PharmaCyte Biotech, which specializes in cell-based treatments for cancer and diabetes has announced that its clinical trial product, CypCaps™, remains stable and active after 18 months when stored at -80C. The next timepoint milestone for the product comes at 24 months. CypCaps are genetically engineered human cells, specifically engineered to treat unresectable pancreatic cancer, and encapsulated using PharmaCyte’s Cell-in-a-Box® technology.
Cell-in-a-Box is a multi-step process. Cells are first suspended in a medium containing a proprietary polymer plus sodium cellulose sulfate. Droplets created from this suspension fall into a solution containing another polymer. The two polymers self-assemble into a membrane that surrounds each 700-800mm-sized droplet and its cargo of approximately 20,000 living cells. The number of cells delivered varies according to the size of the cell.
Live encapsulated cells stored at -80C for 18 months passed all relevant tests for viability, activity, potency, and physical appearance. FDA will soon be in possession of this data, in support of PharmaCyte’s IND application requesting a Phase IIb clinical trial.
The cells involved here are a type of HEK293 cells, a human cell line that has been modified to over-express a cytochrome P450 enzyme.
“We know that, in the laboratory, encapsulated HEK293 cells can be kept at -80C in vials for more than five years without loss of viability,” says PharmaCyte Biotech’s CEO, Kenneth L. Waggoner. “This study examined shelf life under GMP in filled syringes. We found that viability, enzymatic activity, pH, sterility, and container closure remained similar after 18 months at -80C.”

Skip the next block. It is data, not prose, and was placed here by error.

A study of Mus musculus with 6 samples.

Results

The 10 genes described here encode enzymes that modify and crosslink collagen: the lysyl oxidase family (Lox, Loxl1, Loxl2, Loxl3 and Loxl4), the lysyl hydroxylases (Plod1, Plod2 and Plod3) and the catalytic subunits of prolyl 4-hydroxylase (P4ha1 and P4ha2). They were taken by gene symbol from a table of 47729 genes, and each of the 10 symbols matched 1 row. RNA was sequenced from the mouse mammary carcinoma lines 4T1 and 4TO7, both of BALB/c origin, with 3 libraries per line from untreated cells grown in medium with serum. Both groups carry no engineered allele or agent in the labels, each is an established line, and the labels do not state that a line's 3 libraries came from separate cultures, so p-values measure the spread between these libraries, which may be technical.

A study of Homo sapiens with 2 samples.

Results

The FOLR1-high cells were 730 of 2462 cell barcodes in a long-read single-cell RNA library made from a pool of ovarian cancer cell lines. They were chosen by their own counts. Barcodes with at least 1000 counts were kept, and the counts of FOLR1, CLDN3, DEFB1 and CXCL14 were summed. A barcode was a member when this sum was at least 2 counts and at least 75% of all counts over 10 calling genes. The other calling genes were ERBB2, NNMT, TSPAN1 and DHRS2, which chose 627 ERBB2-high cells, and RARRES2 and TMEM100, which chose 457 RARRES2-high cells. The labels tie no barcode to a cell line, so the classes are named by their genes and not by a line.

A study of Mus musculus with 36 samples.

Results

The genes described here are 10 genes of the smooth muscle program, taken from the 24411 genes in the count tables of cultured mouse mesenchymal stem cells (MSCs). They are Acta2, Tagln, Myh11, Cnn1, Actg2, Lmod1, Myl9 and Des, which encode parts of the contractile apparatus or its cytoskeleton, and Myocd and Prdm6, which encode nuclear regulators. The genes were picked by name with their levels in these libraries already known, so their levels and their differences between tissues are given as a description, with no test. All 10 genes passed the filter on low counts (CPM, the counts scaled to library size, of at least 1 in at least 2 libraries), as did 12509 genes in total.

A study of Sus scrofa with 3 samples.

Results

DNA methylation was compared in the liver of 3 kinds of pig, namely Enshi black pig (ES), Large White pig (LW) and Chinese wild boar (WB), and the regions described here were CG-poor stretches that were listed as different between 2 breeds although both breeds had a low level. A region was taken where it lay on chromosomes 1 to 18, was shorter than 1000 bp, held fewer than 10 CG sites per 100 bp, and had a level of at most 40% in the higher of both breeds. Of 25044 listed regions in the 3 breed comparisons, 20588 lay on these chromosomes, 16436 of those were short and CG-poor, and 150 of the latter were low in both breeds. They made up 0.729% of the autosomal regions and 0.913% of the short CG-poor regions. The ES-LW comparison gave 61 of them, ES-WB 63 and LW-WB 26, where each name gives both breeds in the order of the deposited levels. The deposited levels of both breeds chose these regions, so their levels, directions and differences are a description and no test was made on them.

Therapy cells that degrade under typical storage conditions have a short shelf life, making them more expensive and in some instances impractical as therapeutics.
“The results of this stability study mean that CypCaps can be manufactured in large quantities, which reduces the costs involved both in production and quality control, then stored and used as necessary in the clinic,” Waggoner adds.
In CypCaps the HEK293 cells produce a cytochrome p450 enzyme that converts a prodrug to its active or cancer-killing form. Under standard protocols this occurs in the liver, where several cytochrome enzymes act on the prodrug. Some transformations produce the cytotoxic chemotherapy agent, but others generate toxic side products. The result is a large, often toxic systemic dose.
With CypCaps, the prodrug-to-active drug conversion occurs at the disease site, inside the pancreas and, specifically, to produce only the tumor-fighting molecule.
“The cytochrome P450 enzyme produced in encapsulated HEK293 cells is particularly effective at activating chemotherapeutic prodrugs like ifosfamide to their tumor-active metabolites,” Waggoner tells GEN. “The active metabolites are short-lived, so to maximize their effectiveness this activation occurs near the tumor. Since local activation at the tumor site is so effective, much lower doses of ifosfamide can be used resulting in few or even none of the side effects normally associated with chemotherapy.”